Amid a firestorm featuring his parents and World Cup coach, Gio Reyna accepted an invitation to return to the U.S. men’s national soccer team next week, people familiar with the situation said Tuesday.
U.S. Soccer Federation spokesman Michael Kammarman said the governing body will not comment on the roster until it’s released Wednesday. Reyna’s agent, Dan Segal, said he did not want to comment.
Reyna and other marquee U.S. players last appeared with the national squad against the Netherlands on Dec. 3 in the World Cup’s round of 16. Under normal circumstances, Reyna’s selection for camp would not garner much added attention; when healthy, he has been a regular with the national team for more than two years.
But this call-up comes the same week the findings of a multi-layer investigation exposed friction between World Cup coach Gregg Berhalter and the Reyna family — a rift that erupted during and after the tournament in Qatar, left Berhalter’s employment in limbo and raised questions about Gio Reyna’s future with the national team.
Anthony Hudson, a World Cup assistant, is running the team while the USSF decides whether to offer Berhalter a new contract or look elsewhere for a coach to begin preparing the program for the 2026 World Cup.
Hudson had remained open to Reyna returning this month and even visited him a few weeks ago in Germany, where the attacker plays for Borussia Dortmund in the Bundesliga.
Reyna (four goals in 16 U.S. appearances) is part of a young group of players competing for prominent clubs overseas who have raised hopes for a deep run in the next World Cup, which will take place in the United States, Mexico and Canada.
The controversy involving Berhalter and the Reynas began in the days before the World Cup. According to the report released Monday, Berhalter and U.S. officials grew concerned over Gio Reyna’s effort and performance in training and a scrimmage. They considered sending him home, but after conversations with the player and Gio Reyna’s apology to his teammates, they allowed him to stay.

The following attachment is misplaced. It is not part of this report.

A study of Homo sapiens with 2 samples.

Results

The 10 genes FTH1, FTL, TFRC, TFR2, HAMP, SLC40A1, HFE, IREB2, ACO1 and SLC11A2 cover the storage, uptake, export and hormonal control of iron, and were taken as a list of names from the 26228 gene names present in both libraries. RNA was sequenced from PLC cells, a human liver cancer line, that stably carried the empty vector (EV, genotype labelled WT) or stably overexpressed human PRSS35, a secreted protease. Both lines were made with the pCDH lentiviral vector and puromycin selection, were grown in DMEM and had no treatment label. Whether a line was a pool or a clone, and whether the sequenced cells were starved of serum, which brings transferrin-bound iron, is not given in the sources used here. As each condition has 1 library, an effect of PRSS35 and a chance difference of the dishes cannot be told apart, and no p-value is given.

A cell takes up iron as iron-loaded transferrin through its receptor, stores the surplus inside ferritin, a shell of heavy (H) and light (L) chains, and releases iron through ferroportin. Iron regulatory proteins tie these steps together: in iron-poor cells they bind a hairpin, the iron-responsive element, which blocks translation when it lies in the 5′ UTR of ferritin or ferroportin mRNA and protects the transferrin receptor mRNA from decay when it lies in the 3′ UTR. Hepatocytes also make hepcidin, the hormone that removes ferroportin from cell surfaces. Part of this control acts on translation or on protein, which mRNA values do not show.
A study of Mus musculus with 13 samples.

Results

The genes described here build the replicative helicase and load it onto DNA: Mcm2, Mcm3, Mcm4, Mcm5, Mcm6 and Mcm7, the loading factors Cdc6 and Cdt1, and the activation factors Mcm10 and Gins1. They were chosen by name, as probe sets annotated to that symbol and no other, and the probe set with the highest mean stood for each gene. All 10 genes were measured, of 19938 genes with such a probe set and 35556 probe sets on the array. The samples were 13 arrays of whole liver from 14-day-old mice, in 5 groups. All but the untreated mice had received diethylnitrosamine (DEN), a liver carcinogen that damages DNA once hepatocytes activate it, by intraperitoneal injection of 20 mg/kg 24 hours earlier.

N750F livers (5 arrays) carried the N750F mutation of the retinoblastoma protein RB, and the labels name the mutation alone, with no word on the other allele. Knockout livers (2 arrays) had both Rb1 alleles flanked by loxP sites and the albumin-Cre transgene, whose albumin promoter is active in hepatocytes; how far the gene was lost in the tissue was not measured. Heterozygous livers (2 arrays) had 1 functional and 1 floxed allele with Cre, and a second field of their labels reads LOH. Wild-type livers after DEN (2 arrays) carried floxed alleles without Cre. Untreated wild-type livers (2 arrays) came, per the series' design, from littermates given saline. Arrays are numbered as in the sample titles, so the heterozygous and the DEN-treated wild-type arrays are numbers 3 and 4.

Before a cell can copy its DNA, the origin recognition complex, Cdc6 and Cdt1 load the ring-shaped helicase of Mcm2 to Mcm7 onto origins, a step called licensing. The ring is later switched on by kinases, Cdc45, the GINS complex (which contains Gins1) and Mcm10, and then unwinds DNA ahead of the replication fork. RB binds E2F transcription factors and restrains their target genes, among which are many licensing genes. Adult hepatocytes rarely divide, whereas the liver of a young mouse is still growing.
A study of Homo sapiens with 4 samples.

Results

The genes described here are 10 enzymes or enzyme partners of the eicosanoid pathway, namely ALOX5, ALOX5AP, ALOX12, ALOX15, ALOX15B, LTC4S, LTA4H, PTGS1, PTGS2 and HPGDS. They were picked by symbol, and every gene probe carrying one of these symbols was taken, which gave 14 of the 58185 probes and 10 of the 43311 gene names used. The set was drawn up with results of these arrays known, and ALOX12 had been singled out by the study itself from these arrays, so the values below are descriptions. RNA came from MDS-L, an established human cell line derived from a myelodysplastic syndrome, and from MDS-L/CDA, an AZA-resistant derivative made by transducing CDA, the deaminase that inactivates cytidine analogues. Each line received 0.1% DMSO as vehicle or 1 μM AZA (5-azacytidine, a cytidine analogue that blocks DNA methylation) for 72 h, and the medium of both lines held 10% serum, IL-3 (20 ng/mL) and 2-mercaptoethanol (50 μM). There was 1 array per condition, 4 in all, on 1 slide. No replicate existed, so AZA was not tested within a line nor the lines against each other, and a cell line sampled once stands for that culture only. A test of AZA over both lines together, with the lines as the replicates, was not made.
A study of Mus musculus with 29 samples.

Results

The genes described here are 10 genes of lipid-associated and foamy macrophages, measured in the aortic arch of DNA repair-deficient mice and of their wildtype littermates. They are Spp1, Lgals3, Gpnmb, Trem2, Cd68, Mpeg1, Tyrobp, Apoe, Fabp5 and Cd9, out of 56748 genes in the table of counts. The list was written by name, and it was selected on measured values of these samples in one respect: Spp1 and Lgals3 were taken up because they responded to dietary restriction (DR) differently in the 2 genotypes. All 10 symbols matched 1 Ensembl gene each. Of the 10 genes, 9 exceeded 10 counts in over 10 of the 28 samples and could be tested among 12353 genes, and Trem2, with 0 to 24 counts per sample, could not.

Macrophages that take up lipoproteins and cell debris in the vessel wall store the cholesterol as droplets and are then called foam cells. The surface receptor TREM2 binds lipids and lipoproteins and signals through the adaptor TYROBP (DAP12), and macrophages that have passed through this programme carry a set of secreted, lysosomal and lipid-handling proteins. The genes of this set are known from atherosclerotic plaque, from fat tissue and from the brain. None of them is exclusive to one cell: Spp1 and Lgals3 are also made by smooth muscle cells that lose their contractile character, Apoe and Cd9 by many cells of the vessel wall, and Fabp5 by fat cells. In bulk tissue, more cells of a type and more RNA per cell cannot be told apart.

Reyna not only did not start the group opener against Wales, he did not play. At the time, Berhalter alluded to fitness and tactical issues.
Behind the scenes, the report stated, Gio’s parents, Claudio and Danielle, were furious, and Danielle Reyna told a USSF employee that she could “take [Berhalter] down.”
Gio Reyna ended up playing in just two of four matches, both as a sub totaling less than 60 minutes.
Three days after the U.S. team was eliminated, at what he was told was an off-the-record speech in New York, Berhalter raised the issues he had with a World Cup player, though he did not name him.
After the transcript went public, Gio Reyna said on his Instagram page, “It is my belief that things that happen in a team setting ought to remain private” and “Coach Berhalter has always said that issues that arise with the team will stay ‘in house’ so we can focus on team unity and progress.”
Danielle Reyna contacted Earnie Stewart, the USSF’s sporting director, and shared information about Berhalter kicking his now-wife when they were University of North Carolina students.
The report from the recent investigation said Berhalter was remorseful and no other incidents have occurred.
The Berhalters and Reynas had been close for decades. Gregg Berhalter and Claudio Reyna were high school and World Cup teammates, and Reyna was the best man at Berhalter’s wedding. Rosalind Berhalter and Danielle Reyna grew up together on Long Island and were roommates and teammates on the UNC soccer team.
In the report, Berhalter told investigators the wives had spoken on the phone daily “for decades.” After the Wales match, the interaction “ended immediately.”
Note: The United States and Mexico will renew their rivalry with an April 19 friendly in Glendale, Ariz., the USSF announced. The date does not fall inside a FIFA window for international matches, so few European-based players will be available.